Here we go again. Another iUniverse/Author Solutions FAIL.

On Friday, I got an email from Mark Thornton, one of the iUniverse authors I interviewed back in May. Mark is an assistant producer for a Louisville-based AM radio station, and in that capacity he discovered something quite unsettling about iUniverse and its parent company, Author Solutions, Inc (ASI).

Mark writes:

I’m an Assitant Producer at WGTK 970 AM, and I book authors to be on one of our talk shows.

There’s a publication that every radio station in America uses: RTIR Radio-TV Interview Guide. Anyway, iUniverse is charging their authors to place ads in RTIR and listing the Author Solutions phone number 812-339-6000 ext. 5222 and the contact person Kelly Rynard, but that extension is not vaild and there is no Kelly Rynard at Author Soultions or iUniverse.* So the writers are paying iUniverse to promote their book to Radio and TV producers, but when somone calls to book an interview they hit a dead end.

I used the Internet to track down the author we wanted to interview, and she was shocked to find out that her ad was useless.

Mark gave me the phone number for RTIR. Armed with that and the power of Google, I started digging. What I found was pretty repulsive, but sadly not surprising.

Authors Can Buy Ads Directly From RTIR

Author Solutions’ imprints iUniverse, Trafford, Xlibris, Publish in the USA** and Author House all encourage authors to purchase RTIR ads through their website. However, as is the case with their Trifecta Book Review Services, these vanity presses fleece authors by tacking thousands of dollars on to the original supplier’s price tag.

There is nothing preventing authors from buying ads directly through RTIR, except perhaps the misleading copy on Author Solutions websites.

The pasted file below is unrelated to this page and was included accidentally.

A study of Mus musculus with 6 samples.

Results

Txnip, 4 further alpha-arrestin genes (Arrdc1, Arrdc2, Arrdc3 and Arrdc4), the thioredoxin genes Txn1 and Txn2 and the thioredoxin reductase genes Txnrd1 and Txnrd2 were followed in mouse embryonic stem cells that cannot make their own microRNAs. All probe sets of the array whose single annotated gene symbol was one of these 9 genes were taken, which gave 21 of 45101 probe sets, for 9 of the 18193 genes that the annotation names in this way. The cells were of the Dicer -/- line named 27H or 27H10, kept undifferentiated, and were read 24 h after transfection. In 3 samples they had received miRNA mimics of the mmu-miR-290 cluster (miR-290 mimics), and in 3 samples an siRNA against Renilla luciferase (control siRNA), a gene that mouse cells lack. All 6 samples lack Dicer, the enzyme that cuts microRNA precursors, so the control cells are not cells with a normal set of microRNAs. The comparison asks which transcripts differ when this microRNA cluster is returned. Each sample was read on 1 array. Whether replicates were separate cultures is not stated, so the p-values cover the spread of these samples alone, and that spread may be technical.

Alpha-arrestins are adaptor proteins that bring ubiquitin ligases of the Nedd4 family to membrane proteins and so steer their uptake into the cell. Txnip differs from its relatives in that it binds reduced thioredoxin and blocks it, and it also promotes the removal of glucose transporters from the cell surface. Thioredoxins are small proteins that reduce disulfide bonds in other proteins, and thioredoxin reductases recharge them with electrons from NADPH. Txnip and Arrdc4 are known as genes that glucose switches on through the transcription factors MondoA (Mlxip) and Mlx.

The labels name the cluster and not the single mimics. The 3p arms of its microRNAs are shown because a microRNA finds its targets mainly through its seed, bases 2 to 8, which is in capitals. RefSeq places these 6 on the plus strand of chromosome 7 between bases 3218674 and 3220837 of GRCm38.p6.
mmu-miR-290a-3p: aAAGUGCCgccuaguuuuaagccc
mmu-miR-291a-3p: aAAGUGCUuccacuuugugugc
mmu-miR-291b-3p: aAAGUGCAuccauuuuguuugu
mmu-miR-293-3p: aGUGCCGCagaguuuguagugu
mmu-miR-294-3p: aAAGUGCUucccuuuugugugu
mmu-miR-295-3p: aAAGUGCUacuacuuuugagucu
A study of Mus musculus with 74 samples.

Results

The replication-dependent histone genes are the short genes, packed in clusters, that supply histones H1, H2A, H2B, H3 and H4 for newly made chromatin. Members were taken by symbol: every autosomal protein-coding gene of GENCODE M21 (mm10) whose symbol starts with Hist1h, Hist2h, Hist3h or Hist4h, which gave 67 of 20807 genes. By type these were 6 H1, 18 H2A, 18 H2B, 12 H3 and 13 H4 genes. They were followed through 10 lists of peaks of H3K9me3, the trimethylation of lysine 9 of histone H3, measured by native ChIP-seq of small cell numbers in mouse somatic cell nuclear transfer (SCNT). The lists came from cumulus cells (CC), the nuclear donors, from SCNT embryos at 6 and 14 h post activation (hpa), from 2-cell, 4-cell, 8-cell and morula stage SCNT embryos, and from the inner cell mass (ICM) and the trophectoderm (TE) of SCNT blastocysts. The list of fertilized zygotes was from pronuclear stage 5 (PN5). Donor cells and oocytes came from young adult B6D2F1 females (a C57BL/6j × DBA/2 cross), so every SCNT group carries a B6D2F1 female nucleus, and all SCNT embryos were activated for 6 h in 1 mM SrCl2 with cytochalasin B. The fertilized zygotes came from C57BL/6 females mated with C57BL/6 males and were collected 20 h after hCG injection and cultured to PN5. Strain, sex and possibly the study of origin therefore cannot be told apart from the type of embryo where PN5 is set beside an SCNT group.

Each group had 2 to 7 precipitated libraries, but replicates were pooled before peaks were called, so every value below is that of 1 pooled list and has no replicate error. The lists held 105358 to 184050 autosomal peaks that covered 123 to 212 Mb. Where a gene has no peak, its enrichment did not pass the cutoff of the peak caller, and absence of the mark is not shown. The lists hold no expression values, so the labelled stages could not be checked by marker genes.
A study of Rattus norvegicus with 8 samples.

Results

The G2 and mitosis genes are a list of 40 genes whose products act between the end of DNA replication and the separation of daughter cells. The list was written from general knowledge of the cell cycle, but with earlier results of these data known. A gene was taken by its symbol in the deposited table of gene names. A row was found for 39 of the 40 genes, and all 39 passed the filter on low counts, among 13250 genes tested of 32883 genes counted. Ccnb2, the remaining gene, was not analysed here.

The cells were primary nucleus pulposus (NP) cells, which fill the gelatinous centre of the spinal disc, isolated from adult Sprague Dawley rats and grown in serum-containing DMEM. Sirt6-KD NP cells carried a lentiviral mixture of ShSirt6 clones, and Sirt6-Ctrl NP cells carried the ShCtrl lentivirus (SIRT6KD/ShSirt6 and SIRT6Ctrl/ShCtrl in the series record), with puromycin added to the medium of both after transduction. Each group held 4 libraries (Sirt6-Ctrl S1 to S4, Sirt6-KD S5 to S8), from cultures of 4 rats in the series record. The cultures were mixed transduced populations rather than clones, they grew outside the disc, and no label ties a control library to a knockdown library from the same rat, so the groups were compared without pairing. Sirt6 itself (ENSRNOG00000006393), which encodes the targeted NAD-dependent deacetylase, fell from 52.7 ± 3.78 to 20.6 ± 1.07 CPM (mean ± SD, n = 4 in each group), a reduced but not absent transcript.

• ASI companies don’t spell out what RTIR stands for, presumably to prevent authors from discovering they can buy ads without the middleman for thousands less through Radio-TV Interview Report.
  • ASI companies brag that the RTIR packages include “professionally written content (with your final approval),” making it sound like ASI’s people provide this service when actually RTIR includes copywriting in their base price.

iUniverse’s Mark-Up on Ads is Unholy

Sources: RTIR Ad Rates, Deadlines and Other Information and Author Solutions’ company websites.

Just how the math works depends on several factors: Does ASI purchase the 1/2-page or full-page ad from RTIR? Does the customer buy 1/4-page or 1/2-page ad from ASI? And does the customer go for a 1-, 3- or 6-issue package? I ran all the scenarios, and estimate that ASI takes in anywhere from $2,000 to $18,000. (Those numbers assume that ASI doesn’t get a price break from RTIR. The gap could actually be bigger.)

Here’s a look at what iUniverse, Trafford, Author House and Xlibris imprints pocket when authors pay for these advertising services:

Missed Publicity Opportunities for Authors

Like Mark mentioned, there’s more than just price jacking going on here. The information printed in the ads points radio and TV producers to an invalid extension and an employee that is no longer with the company. Mark kept digging until he found the author he was looking for, but how many others don’t bother? How many authors should have been contacted for interviews and weren’t? And how many authors paid thousands of dollars for nothing?

The way I see it, Author Solutions has failed epicly this time. First, change the ad copy, idiots. Second, reroute or reassign extensions when an employee leaves. Third, stop being such an awful employer. It’s like those DishTV commercials:

When you run a scam business, your employees hate working for you. When your employees hate working for you they leave in droves. When they leave in droves, current employees don’t know where to route calls for former employees.

So my question for Kevin Weiss and Keith Ogorek is this: Are you guys too stupid to anticipate that this would be a problem, or do you just prefer collecting thousands of dollars from your customers without having to provide any actual services? My bet’s on the latter. Because then your employees don’t have to work for your authors, they just have to make more sales calls for you.

For more information, read the Complete Index of Author Solutions and iUniverse Complaints.

*A search on LinkedIn revealed that there was a Kelly Rynard who worked at Author Soultions from June 2010 – November 2011.
**The imprints Author Solutions owns seems to grow exponentially every time I search the web. Publish in the USA is the latest one I’ve stumbled across. I refuse to link to the site, but you really should see it. It’s like the Time Cube guy made it for them.